Lately I’ve been thinking about what makes me unique. This has relevance to my decision to become a personal trainer. There are so many trainers out there; many, if not most, are in better shape than I am, have been at this much longer than I have, and are certainly thinner. And yet I truly believe that the path I’ve taken and the fact that I’m clearly a work in progress makes me uniquely qualified to help other women. Just like a teacher who stays one chapter ahead of her class, I too can act as a guide to others if they are on a journey similar to my own. It’s not always easy though to maintain this belief in myself. At times I get intimated by those who are further down the road than I am. When this happens, I have to remind myself that being where I am right now is exactly what will make me effective in helping others.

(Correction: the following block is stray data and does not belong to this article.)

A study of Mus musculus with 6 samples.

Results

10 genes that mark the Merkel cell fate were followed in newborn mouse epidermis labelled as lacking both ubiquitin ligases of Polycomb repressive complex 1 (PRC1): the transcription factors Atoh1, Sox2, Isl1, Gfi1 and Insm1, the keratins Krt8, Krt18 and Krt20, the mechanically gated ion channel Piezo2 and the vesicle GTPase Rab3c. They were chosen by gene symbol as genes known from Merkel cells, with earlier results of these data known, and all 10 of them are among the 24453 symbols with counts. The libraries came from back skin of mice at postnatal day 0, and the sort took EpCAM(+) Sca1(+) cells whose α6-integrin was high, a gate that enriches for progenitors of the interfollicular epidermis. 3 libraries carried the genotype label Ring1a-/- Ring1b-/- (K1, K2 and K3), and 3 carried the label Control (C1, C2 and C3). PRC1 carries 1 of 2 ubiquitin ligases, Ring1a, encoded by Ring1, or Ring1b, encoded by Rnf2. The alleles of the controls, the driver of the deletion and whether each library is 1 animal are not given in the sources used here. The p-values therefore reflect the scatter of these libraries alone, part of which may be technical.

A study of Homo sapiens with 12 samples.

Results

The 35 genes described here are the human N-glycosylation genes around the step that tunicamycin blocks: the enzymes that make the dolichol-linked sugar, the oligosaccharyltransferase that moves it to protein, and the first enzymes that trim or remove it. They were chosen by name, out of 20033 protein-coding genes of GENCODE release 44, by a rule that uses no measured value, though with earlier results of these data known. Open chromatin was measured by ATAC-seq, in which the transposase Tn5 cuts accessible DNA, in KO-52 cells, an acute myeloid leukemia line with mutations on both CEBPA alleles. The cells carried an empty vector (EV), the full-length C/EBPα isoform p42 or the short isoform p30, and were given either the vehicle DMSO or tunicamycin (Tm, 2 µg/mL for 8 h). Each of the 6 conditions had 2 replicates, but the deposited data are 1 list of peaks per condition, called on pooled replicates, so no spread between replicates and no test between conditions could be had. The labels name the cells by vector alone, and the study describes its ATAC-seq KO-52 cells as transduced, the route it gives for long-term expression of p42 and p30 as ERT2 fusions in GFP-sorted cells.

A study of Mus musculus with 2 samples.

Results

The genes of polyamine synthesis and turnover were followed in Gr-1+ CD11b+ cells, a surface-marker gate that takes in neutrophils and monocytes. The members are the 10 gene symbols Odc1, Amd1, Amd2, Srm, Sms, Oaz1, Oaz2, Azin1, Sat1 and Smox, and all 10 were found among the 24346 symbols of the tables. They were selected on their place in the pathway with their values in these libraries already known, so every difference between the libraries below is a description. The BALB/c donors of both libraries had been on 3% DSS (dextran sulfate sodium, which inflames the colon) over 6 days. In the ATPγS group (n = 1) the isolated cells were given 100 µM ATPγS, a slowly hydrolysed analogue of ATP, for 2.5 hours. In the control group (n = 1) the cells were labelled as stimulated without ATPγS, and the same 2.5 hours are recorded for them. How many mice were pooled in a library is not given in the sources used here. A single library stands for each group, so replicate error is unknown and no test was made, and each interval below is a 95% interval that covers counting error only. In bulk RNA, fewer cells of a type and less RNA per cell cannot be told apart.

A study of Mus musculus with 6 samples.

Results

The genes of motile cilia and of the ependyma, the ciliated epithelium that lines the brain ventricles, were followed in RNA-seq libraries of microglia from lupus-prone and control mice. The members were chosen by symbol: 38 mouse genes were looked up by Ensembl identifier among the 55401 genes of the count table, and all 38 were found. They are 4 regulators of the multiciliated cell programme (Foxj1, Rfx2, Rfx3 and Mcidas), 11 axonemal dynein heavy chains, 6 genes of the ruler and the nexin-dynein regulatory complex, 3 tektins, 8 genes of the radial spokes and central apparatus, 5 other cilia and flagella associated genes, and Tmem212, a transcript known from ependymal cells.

On a deeper level, the question of my uniqueness is related to my desire to be authentic. I recently found myself in a social situation where I lost my center and found myself acting like someone I didn’t even recognize. It was a terrible feeling. I’ve been doing a lot of soul-searching since then. At the top of the list of questions I’ve been asking myself is why, under certain circumstances, am I so willing to abandon my truest self?
On Friday I spent a couple of hours with the owner of a health and wellness center who graciously gave of her time to talk with me about her work and beliefs. In calligraphy on one of the rainbow-hued walls of her studio is a well-known quote that begins like this:
Our deepest fear is not that we are inadequate. Our deepest fear is that we are powerful beyond measure. It is our light, not our darkness that most frightens us. We ask ourselves, ‘Who am I to be brilliant, gorgeous, talented, fabulous?’ Actually, who are you not to be? ― Marianne Williamson,
When I forget to be who I am, when I try to be who I am not, that is when I feel the most inadequate. I no longer want to be afraid of my own light.